Kathy graduated in June and started working as a hairstylist. She admitted it’s been challenging ramping this business up and finding clients; she’s earning just $1,200 a month for now. To make ends meet, she has side hustles that generate another $1,300 a month.

“My shovel is not nearly big enough,” she told Ramsey.

Money is tight, which is why she’s fallen behind on her rent for 15 days. Unfortunately, her landlord has already initiated the eviction process. She’s worried about her financial situation and is considering applying for a credit card for the first time to pay rent.

Unsurprisingly, Ramsey doesn’t think that’s a good idea. “Yeah, debt problems are always solved by more debt!” he sarcastically remarked. Kathy isn’t married, but Ramsey wants to know why the child’s father won’t step up and help.

“He is excited about the baby and all that good stuff, but financially not contributing at all,” she explained. “I think it's more of a laziness problem.”


Ramsey believes a father must provide financial support for his children, regardless of marriage. “Tell bubba, if he’s going to make a baby he gets to pay!” he said, pointing out the father doesn’t have the moral or legal right to relinquish financial responsibilities. “If you father a child in the United States of America you get to pay child support. It's how that works.”

U.S. law requires both parents to financially provide for their biological children until they’re adults. If one parent doesn’t have custody, he or she is legally obligated, in most cases, to pay child support to the parent with custody. Child support is required even if the couple is not married, according to the Office of Child Support Services.

Kathy may need to consult a legal expert to explore her options. Meanwhile, Ramsey believes she can improve her cash flow situation by prioritizing the right expenses and boosting her income.

Kathy needs to prioritize cash flow

On paper, Kathy should be able to meet all her bills. She earns a total of $2,500 from her hairstyling and side hustles, while her rent is $1,500 and car payments are $250.

She says she hit a “rough patch” over the past month where the expenses involved with her side hustles set her back. That’s why she missed her rent payment for the first time and is now facing eviction.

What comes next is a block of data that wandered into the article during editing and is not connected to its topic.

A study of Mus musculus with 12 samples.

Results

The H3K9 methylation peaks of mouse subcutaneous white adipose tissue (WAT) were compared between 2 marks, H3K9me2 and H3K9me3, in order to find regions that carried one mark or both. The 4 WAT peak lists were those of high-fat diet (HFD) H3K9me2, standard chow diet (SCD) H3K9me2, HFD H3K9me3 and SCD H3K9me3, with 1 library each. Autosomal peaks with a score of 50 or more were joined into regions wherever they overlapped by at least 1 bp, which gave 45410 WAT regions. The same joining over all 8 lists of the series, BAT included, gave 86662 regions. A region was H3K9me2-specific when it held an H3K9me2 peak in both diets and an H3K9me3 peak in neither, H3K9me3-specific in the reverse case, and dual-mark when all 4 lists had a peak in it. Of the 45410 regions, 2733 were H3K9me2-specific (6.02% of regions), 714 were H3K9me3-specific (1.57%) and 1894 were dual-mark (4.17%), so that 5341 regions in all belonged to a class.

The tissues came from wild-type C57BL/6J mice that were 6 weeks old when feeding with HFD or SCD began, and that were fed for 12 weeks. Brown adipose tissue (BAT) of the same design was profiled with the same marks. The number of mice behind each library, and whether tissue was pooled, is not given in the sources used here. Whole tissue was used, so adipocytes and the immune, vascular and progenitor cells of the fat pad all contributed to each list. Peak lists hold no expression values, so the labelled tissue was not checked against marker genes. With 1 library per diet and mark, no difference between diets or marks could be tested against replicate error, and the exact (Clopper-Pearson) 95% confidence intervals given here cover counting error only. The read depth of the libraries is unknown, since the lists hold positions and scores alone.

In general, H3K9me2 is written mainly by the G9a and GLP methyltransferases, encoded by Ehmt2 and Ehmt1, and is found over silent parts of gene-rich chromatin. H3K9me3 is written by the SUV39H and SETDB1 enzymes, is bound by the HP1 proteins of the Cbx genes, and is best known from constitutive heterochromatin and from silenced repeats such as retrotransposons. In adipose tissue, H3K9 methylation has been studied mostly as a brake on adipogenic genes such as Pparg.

Ramsey suggests she find out why her landlord is filing eviction so soon. “It may take four months or something in Indianapolis, I don't know,” he says. “You need to find that out because fear of the unknown is more fearful than fear of the known, so you need to find out what the law is in the area.”

Meanwhile, he recommends finding a hustle that’s profitable after expenses. A significant portion of earnings from ride sharing and food delivery is consumed by fuel, depreciation, insurance, car loans and parking payments.

Kathy needs to either lower expenses or do more hours to cover her expenses appropriately. “What we've got to do in this crisis situation is we have to figure out where we can come up with $1,500 the fastest from all sources and new sources,” he says.

After boosting income, he recommends prioritizing expenses based on necessity. Food and utilities must be paid first, then rent and car payments come last. Managing cash flow should help Kathy keep a roof over her head and food on the table while she figures out the rest.


Vishesh Raisinghani

Vishesh Raisinghani

Freelance Writer

Vishesh Raisinghani is a freelance contributor at MoneyWise. He has been writing about financial markets and economics since 2014 - having covered family offices, private equity, real estate, cryptocurrencies, and tech stocks over that period. His work has appeared in Seeking Alpha, Motley Fool Canada, Motley Fool UK, Mergers & Acquisitions, National Post, Financial Post, and Yahoo Canada.